The 3 Best Branding Websites and How to Learn From Them


Here are the three best branding websites to reference:

1. Apple

Apple incorporates branding into a lot of different areas of their website. They offer a simple user experience that lets visitors know what type of company they’re dealing with – a slick, modern business that pushes the boundaries of all things tech. Apple’s website aims to meet their customer’s concerns about safety, security and functionality with technology. They do this by displaying beautiful images and detailed descriptions of their products.

A screenshot of the Apple website.
Apple makes it known on their website that they cater to the technologically-evolving.

One thing that makes Apple stand out is its commitment to branding at all opportunities. Here’s an example: Some companies may rework their websites during a holiday in order to make it festive – trying to create a connection with customers. Apple does this as well but from a heavy branding angle. They’re always looking for ways to implement a holiday or event into their brand, such as their logo with a turkey inside for Thanksgiving. It seems minor but these branding efforts change customers outlook with the company entirely and feel like they’re changing in real time along with customers – as we experience life events, so does Apple, etc.

2. Seriously Unsweetened

What fascinates most people who visit Seriously Unsweetened’s website is the clean, simplicity of it all. The menu is small, out of the way and simple. Everything you could possibly want in a menu is there without any of the overkill and waste. Whereas a lot of companies fill their pages to the brim with details and images, Seriously has gone the other way completely. There’s definitely a feeling that this site was created in order to market simple, smooth soft drinks.

A screenshot of Seriously Unsweetened's website.
Seriously Unsweetened’s website is seriously simple.

This is such good branding because it makes the customer feel their website is representative of their beverages. In fact, it almost seems like the website design, layout and color palette mimic the actual drink being sold. Website visitors feel refreshed browsing through the pages, just as they would if they were drinking the product on the pages. Each picture is designed to bubble up as you scroll. Finally, the lack of excess matches the drinks they sell, creating the perfect branding image in customer’s heads.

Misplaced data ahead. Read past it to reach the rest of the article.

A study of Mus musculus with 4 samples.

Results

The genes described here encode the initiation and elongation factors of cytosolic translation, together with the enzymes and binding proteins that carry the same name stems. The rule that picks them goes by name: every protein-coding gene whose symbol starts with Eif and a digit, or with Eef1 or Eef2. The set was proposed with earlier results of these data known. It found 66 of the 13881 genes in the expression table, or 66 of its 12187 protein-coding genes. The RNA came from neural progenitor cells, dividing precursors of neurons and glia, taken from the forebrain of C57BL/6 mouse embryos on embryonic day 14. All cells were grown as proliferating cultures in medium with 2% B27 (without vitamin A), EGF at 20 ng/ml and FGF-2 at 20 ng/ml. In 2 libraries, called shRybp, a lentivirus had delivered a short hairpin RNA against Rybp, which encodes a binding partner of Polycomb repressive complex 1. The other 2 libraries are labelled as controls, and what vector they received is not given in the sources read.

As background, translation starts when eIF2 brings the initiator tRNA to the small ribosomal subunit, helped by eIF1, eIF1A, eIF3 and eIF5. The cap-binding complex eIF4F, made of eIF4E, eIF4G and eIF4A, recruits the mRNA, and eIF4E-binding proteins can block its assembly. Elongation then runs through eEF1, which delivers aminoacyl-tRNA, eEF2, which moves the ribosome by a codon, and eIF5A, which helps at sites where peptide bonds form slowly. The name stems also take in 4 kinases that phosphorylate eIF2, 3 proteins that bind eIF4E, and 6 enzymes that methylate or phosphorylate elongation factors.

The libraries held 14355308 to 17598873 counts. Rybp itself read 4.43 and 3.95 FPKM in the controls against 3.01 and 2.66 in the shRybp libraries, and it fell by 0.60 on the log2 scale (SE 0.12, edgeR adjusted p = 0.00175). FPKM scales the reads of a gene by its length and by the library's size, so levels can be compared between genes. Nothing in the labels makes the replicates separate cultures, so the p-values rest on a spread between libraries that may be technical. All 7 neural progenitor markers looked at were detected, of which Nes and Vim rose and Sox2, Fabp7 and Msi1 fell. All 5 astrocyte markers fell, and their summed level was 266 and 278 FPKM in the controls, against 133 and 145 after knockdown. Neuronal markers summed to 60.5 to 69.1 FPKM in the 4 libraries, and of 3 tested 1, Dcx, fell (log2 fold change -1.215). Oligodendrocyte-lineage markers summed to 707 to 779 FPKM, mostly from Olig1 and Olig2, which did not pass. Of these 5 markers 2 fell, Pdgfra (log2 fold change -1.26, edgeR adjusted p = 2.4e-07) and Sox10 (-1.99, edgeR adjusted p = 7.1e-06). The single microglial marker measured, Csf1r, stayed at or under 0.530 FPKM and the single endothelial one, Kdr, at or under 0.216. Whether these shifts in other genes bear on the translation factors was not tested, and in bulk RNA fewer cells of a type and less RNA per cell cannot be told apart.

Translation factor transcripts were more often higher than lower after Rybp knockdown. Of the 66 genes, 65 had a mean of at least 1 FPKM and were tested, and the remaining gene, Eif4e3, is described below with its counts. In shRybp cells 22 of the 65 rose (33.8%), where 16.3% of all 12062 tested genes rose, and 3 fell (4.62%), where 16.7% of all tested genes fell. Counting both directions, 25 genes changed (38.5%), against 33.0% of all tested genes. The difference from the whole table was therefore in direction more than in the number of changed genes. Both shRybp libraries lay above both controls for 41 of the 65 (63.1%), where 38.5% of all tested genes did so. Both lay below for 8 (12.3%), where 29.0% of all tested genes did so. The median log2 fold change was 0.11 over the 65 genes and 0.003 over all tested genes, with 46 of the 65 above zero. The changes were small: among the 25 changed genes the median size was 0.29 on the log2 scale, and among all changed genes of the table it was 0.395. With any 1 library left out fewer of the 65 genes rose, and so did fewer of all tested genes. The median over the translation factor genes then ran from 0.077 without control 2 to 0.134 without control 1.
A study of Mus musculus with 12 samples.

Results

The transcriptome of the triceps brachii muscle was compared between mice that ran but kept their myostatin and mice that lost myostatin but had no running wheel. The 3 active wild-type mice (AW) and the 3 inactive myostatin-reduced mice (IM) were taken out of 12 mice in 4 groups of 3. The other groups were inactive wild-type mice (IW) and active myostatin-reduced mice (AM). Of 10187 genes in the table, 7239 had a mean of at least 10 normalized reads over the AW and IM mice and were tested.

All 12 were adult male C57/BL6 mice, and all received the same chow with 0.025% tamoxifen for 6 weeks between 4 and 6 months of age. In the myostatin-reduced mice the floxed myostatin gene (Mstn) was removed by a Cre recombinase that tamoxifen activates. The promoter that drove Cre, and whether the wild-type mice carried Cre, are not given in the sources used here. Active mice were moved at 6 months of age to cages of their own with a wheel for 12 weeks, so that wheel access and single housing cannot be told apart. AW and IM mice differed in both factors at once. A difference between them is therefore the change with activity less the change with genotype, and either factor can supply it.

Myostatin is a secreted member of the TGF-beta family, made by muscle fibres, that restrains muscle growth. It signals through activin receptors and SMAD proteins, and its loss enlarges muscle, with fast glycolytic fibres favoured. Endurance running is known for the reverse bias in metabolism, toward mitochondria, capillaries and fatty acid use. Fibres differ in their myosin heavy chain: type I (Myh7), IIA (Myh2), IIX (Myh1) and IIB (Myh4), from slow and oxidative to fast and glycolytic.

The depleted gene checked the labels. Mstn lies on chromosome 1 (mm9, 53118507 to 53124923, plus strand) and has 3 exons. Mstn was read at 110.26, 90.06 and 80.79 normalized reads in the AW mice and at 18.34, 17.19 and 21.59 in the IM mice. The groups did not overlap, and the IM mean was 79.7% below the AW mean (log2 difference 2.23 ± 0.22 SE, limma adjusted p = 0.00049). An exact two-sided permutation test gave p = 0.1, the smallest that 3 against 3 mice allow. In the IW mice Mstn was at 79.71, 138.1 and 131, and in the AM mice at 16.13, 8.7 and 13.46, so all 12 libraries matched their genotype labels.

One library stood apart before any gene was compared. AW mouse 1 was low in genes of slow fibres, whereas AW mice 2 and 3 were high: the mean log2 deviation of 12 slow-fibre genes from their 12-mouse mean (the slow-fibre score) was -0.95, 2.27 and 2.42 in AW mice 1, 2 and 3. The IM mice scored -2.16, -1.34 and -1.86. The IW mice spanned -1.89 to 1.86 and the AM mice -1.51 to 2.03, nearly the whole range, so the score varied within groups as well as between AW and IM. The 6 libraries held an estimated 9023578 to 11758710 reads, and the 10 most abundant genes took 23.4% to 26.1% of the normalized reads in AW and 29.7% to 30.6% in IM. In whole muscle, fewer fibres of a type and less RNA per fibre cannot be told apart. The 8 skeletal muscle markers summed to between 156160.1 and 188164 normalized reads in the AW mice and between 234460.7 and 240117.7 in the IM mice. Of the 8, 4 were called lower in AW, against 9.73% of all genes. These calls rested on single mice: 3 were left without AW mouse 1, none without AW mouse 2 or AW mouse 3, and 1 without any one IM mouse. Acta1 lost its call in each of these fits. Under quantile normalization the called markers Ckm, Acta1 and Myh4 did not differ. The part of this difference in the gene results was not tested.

3. Adidas

The Adidas website gives its customers exactly what they’re looking for, both in product and overall feeling. Obviously, the site offers a chance for visitors to view and purchase their product. However, this is only part of why the website is a success. This is because when a customer visits Adidas, they want to feel a certain way: motivated, energetic, invigorated. The Adidas site is jumping with exercise images and clips. This type of branding syncs with visitor emotions.

A screenshot of the Adidas website.
The Adidas website feels like an exercise hotspot.

Even though there is a lot happening on the front page of the site, that isn’t to say it’s cluttered or unorganized. In fact, there’s a comprehensive menu that lets users find exactly what they’re looking for. Overall, the branding reaches customers and tells them that Adidas is on the same page and has the same ideas for goals. Its fast-paced nature lures the motivated into the Adidas culture.

Each company has different branding needs that require specific layouts and themes for websites. However, use these examples as a way to identify how to build a website that maintains brand identity throughout the entire page.

 

Casey Schmidt – Content Manager and Industry Expert | Canto

Casey Schmidt is a content manager at Canto who enjoys taking complex subjects and making them easy to understand for readers.